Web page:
Schmidt L.A., Greenberg B.D., Holzman G.B., Schulkin J. Treatment of Depression by Obstetrician-Gynecologists: A Survey Study. Obstetrics and Gynecology 90:296-300, 1997.
We performed an exploratory survey of depression diagnosis, treatment, and patient referral patterns by Fellows of the American College of Obstetricians and Gynecologists (ACOG). Obstetrician-gynecologists' professional training in the management of clinical depression was also surveyed. We sent a questionnaire to a total of 1370 ACOG Fellows. Sixty percent of the surveys were returned. As a group,obstetrician-gynecologists reported diagnosing an average of four new cases of depression per month. Within the overall sample, the number of new diagnoses of depression made each month was significantly greater for those defining themselves as primary care physicians compared to those made by self-defined specialists. When treating depression pharmacologically, obstetrician-gynecologists reported that they overwhelmingly (74% of the time) chose serotonin selective reuptake inhibitor antidepressants (SSRIs). Ninety-five percent of obstetrician-gynecologists reported that they referred severely depressed patients to a mental health professional. A majority of respondents received neither residency training (80%), nor completed a continuing medical education course (60%) on the treatment of clinical depression in women. Studies to further assess obstetrician-gynecologists management of depression and to better define needs for professional education are warranted.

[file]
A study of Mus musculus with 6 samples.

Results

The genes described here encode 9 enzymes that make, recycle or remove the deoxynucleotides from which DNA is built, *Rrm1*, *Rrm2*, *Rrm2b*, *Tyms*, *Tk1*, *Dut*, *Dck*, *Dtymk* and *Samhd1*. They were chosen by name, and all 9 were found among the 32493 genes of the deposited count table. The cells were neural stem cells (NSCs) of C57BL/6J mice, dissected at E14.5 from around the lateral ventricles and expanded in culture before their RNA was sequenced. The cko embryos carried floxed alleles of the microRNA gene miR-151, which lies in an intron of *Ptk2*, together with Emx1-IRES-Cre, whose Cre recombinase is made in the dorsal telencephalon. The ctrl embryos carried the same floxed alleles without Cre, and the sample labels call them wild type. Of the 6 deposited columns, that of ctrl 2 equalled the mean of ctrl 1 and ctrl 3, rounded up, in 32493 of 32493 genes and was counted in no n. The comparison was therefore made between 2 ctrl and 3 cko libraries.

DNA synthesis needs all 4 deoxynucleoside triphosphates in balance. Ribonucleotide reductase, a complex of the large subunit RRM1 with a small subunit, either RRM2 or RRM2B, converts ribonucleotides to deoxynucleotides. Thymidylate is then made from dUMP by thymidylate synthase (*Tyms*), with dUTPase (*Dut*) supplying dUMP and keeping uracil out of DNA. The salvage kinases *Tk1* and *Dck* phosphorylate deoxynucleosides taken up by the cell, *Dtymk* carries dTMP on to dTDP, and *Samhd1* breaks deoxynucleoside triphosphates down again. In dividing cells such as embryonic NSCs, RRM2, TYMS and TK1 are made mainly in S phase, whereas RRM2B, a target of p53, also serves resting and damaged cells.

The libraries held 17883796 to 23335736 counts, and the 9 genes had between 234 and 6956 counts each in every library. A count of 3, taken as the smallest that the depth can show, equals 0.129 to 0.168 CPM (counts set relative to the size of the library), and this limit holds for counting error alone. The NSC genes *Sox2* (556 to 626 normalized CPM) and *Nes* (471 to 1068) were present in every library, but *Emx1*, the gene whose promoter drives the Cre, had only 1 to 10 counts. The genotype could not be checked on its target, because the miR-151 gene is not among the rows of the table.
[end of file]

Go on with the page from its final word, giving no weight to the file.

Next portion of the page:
Scroggs J.A., Griffin L.P., Beryl M., Schulkin J. Ob-Gyns as Primary Care Physicians: The Perspectives of HMO Medical Directors and Ob/Gyns. Obstetrics and Gynecology 90:291-95, 1997.
We surveyed the interest of obstetrician-gynecologists in serving as primary care physicians, and their perceived preparedness for that role from the viewpoint of both managed care plans and obstetrician-gynecologists. We found that obstetrician-gynecologists do not agree on the appropriate and preferred role as physicians in the managed care environment. Some (37%) see themselves as primary care physicians while some (37%) would rather act as consultative specialists. Nearly all, however, support direct access to obstetrician-gynecologists. Most (69.7%) believe they are capable of serving as primary care gatekeepers with little or no additional training. However, managed care plans believe extensive additional training is needed for obstetrician-gynecologists to serve as primary care gatekeepers within their plans.